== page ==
19 November 2015 | quincytheodore
There's no Wonderland beyond this hole
Deep Dark is a movie tethering on the fringe of horror genre, it's like a modern art on some posh gallery that may be confusing because due to its odd nature. It doesn't work like many thriller or horror flicks and takes a bit of time to roll, albeit its short runtime. There's just an intrinsic draw as though something bizarre is popping up yet one can't avert their eyes, and that itself is already a more successful horror than most.
Hermann (Sean McGrath) is an artist who's not particularly gifted. He tries hard to produce art to no avail. At some point his uncle rents him an apartment that doubles as a workshop. What he finds instead is a talking hole which presents him with artistic gift. This premise is so strange, it's almost satirically creepy.
In fact, the movie doesn't remotely have the same mystery feel to it, barely having any scare at all. It may even turn into comedy foray at a couple of instances, as it mocks its own protagonist and his predicament. The desperate artist angle works incredibly well, showing that desperation can give birth to foolishly appealing choices.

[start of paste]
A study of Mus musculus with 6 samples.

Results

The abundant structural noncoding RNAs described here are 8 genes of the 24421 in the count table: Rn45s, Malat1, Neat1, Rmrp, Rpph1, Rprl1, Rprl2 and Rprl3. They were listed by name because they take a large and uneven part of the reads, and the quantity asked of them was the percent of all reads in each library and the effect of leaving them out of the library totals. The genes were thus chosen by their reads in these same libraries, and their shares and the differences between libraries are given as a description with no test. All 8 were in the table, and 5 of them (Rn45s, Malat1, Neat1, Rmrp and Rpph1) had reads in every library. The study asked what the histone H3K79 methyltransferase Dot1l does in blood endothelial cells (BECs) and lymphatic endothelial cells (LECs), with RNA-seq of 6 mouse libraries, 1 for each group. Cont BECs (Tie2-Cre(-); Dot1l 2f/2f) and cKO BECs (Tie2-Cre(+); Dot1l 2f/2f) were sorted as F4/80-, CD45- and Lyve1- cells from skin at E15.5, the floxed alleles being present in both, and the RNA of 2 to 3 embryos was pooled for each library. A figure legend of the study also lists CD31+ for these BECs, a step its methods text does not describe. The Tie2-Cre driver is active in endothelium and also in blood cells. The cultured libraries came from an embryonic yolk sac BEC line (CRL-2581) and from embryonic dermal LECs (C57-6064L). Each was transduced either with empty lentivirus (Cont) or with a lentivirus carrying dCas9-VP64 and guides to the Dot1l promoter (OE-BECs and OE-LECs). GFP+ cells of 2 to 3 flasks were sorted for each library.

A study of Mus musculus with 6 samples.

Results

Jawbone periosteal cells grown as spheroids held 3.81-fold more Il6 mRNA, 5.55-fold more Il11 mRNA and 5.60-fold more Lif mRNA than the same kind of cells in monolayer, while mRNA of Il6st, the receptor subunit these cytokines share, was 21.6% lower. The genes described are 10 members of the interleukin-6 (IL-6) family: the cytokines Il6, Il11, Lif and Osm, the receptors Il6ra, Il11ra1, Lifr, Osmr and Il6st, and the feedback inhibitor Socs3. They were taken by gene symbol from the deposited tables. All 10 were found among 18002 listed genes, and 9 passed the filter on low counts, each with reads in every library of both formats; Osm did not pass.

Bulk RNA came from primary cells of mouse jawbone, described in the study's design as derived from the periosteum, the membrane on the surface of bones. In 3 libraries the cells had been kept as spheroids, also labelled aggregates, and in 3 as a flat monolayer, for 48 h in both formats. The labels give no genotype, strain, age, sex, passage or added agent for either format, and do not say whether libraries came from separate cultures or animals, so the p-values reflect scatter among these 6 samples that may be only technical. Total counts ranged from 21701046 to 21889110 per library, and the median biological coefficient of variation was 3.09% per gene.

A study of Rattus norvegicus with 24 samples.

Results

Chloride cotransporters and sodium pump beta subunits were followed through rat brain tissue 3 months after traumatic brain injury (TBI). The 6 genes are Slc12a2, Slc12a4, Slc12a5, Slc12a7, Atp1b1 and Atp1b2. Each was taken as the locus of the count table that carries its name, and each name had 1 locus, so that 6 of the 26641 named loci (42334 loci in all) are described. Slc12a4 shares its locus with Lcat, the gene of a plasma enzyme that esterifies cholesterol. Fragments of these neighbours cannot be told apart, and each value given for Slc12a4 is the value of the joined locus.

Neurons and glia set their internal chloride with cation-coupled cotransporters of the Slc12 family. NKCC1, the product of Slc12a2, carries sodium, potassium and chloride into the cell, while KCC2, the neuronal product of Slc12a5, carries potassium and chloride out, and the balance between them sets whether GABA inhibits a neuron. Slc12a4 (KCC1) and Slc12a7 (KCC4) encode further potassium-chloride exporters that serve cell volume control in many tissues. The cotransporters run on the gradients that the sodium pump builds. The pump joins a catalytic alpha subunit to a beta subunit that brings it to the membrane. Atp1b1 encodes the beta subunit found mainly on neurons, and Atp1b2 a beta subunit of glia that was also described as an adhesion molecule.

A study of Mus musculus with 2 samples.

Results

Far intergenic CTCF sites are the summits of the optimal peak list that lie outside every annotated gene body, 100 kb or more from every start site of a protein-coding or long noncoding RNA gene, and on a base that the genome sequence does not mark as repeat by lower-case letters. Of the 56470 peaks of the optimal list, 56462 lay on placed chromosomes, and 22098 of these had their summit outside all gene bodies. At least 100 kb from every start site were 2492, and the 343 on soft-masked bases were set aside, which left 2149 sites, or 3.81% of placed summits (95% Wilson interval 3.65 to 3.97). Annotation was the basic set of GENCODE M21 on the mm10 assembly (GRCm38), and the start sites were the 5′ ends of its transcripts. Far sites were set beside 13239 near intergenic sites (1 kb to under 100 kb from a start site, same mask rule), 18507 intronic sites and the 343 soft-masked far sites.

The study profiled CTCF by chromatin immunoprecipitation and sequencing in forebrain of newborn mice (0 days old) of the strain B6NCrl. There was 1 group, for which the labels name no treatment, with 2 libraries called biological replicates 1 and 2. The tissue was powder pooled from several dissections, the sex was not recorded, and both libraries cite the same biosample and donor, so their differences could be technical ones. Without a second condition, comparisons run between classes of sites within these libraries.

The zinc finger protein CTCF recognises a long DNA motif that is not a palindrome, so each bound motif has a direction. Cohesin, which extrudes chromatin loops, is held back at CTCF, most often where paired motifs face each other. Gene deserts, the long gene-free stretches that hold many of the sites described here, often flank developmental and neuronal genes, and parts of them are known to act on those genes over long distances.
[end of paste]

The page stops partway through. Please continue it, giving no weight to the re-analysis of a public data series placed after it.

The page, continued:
Without giving away much, this is one of the movies that relies on the quirky development, Deep Dark can be simplified into part haunting and part stalker theme. It's far from supernatural scares, so those expecting gripping thrill akin to Insidious might not find it here. The movie plays out in a type of fantasy, although it's still bizarre even for folklore premise.
Deep Dark is amalgamation of the weirdest aspects from fantasy and mystery wired together like abstract art. The sheer oddity leaves a strangely interesting aftertaste. It's recommended for those searching for something different, and the short length fits a lazy weekend slumber like a finger, among other things, on a mysterious hole.